For the second year in a row the Long Beach City Council is hoping that an “amnesty” program—a month-long forgiveness period of fines— for those who have incurred late fees for overdue items will result in a large recovery of city property.
Last year’s program, held in April in coordination with National Library Month, saw over 4,000 library patrons return 10,103 items to the Long Beach Public Library system. The estimated value of those returned books was nearly $182,000. Additionally, over 3,200 of those items, believed to be lost, were returned with an estimated value of nearly $58,000 according to city figures.
Susan Jones, manager of Main Library Services, said that while the library did waive about $71,000 in fines during last year’s event, the value of items that were returned not only benefitted the city financially, but benefitted library users as those items were put back on the shelves.
“It was such a great financial benefit for the city and for the library to get these materials back and get them back into circulation that it far outweighed the actual dollar amount of the fines that were waived,” Jones said.
This year’s amnesty program will run through the month of April as it did in 2016. During that month people with outstanding items will have their fees waived and their accounts reinstated to good standing. For those who have already turned in items, but still have fines, the library is offering a clean slate in exchange for book donations, mirroring an effort from last April.
The current rate at which overdue item fees are assessed ranges from 15 cents per day for youth items to 35 cents per day for adult and young adult items. Once they reach the cap for fines, which is $5.60, their outstanding amount is converted to the replacement cost of the item.
Given that many, if not the majority, of public library users are children, pursuing the collection of fees could prove to be a fruitless venture. It could also prevent those materials for other youth to check out in the future. Currently, about one-third of fees owed are owed by youth 17 years old or younger.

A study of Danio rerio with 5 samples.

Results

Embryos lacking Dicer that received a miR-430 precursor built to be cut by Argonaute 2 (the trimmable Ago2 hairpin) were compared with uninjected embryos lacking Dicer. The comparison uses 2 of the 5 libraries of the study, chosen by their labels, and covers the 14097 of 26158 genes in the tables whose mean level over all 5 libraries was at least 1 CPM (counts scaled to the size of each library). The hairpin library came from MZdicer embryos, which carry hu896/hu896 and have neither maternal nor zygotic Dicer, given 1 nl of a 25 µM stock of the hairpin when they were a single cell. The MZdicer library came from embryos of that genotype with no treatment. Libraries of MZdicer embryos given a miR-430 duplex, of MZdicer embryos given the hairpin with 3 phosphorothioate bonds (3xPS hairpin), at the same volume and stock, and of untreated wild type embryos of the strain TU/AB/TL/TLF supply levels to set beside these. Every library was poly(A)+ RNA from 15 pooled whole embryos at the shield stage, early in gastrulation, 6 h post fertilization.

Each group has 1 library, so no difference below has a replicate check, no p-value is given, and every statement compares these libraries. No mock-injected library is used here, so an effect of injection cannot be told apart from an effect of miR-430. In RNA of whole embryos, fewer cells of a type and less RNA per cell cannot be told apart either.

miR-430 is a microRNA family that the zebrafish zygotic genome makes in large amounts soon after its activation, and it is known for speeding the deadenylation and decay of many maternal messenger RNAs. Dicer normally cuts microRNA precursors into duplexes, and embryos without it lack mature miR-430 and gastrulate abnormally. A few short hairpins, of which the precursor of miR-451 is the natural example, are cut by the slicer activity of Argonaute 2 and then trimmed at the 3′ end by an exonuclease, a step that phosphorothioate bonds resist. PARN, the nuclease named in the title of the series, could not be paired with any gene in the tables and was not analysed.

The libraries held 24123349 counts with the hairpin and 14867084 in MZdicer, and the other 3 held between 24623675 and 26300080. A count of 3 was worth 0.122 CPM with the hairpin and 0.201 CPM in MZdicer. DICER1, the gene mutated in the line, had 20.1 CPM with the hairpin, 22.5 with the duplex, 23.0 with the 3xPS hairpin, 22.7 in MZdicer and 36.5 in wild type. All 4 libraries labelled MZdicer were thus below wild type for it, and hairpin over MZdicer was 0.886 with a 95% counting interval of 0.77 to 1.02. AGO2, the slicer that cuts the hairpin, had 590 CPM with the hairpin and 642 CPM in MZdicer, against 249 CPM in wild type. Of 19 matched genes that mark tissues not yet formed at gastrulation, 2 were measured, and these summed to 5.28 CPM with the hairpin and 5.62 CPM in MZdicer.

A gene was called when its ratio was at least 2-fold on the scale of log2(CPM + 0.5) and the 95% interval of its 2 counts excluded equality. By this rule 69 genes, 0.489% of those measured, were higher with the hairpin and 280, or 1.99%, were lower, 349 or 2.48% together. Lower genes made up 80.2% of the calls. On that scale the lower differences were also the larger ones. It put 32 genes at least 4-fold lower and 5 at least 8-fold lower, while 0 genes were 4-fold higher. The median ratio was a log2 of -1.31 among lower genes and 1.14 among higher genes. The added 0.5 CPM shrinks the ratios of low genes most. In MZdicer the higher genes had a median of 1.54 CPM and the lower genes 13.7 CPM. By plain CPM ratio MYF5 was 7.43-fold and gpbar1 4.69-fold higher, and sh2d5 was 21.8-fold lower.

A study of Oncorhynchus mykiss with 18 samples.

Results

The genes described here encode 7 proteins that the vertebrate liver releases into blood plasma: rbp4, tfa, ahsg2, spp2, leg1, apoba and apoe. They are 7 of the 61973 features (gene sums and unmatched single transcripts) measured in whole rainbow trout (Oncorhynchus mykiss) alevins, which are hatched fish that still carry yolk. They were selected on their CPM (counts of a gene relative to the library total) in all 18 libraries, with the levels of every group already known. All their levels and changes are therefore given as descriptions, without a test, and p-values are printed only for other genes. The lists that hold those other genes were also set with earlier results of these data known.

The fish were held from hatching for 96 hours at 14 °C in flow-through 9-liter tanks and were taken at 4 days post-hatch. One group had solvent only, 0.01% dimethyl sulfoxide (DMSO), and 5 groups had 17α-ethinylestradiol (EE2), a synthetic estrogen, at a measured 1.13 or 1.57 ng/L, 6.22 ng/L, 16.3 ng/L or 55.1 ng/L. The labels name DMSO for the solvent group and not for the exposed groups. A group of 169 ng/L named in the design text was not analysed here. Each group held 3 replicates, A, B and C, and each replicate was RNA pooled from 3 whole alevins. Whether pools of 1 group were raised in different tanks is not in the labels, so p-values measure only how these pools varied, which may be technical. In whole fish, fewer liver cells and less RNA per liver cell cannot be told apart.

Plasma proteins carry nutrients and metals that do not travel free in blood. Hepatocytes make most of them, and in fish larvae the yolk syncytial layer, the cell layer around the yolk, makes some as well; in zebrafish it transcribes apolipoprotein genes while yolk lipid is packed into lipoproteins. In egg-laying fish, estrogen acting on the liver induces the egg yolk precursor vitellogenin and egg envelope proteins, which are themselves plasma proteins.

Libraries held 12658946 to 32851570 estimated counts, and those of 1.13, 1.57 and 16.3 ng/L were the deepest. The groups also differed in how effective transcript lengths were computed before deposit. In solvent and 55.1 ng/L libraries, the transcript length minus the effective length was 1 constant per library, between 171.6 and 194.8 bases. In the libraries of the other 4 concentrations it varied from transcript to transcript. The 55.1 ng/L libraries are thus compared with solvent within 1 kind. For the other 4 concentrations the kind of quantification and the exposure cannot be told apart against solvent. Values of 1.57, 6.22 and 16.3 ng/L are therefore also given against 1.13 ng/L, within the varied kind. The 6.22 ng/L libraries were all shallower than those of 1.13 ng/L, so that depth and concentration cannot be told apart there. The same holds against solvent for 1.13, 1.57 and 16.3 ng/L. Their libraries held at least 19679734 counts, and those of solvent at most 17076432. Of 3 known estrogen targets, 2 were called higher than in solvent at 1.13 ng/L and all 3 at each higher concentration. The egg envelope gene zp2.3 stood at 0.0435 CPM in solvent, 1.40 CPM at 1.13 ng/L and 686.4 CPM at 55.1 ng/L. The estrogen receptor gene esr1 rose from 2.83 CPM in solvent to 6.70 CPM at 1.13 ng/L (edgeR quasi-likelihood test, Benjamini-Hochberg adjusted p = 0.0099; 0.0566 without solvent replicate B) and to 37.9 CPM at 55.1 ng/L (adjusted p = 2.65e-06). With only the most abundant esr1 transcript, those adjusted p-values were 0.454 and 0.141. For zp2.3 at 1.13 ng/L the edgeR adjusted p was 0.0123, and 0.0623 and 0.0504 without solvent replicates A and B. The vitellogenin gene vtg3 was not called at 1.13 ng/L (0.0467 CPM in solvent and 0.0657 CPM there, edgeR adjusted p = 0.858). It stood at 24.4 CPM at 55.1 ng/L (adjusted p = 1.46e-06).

Long Beach Public Library Foundation Communications Manager Molly Lewis said that the program makes sense because a lot of those items would not be returned to the system anyway, meaning the library would lose out on both fines and the overdue materials.
She noted that last year’s provision that allowed for some fines to be erased if the person donated a new book to the library’s collection added nearly 3,000 additions to the library.
“It doesn’t just recover, it actually increases the library’s catalogue which is fantastic,” Lewis said.
Claudia Espinoza participated in the amnesty program last year and characterized it in one word: awesome.
"I owed like $32 in late fees mostly when my husband checks out book with the kids he forgets due dates, until I randomly find library books around my home," Espinoza wrote in an email. "I donated three new books and my late fees disappeared. So awesome!"
The library logged over 1.2 million checkouts during 2016 but not all of those items have found their way back to the branches from which they left. Currently, the city’s libraries are missing over 16,700 items that are not available for circulation. In dollars and cents, that figure represents about $284,000 in potentially lost resources.
The library did not track how many people who participated in last year’s program returned to being regular users of the library, but Jones and city staff are hopeful that this year’s program may yield similar results to last year’s in getting more library resources back in the system.
Still, some members of the Long Beach City Council warned Tuesday night that this might be the last chance for those with overdue items to return them without having to pay their fines.
“I approach this with great caution because I don’t want to create a pattern where we do this every year so people just keep their books until that time and then obviously have their fines forgiven,” said Fifth District Councilwoman Stacy Mungo, a cosponsor of the item.
Jones said that while there is a fear that the use of amnesty programs could discourage the timely return of items, that the exposure of people to the vast amount of resources and services available to those in good standing with the library will be the “hook” to keep people coming through the library’s doors and returning their items on time.
“That’s not a large concern for us, honestly,” Jones said. “Really what’s important to us and what we’re focused on is making sure that our patrons have accounts in good standing so they’re able to make use of all the resources that we have.”
[Editors note: The story has been updated to include a quote from a participant in last year's amnesty program.]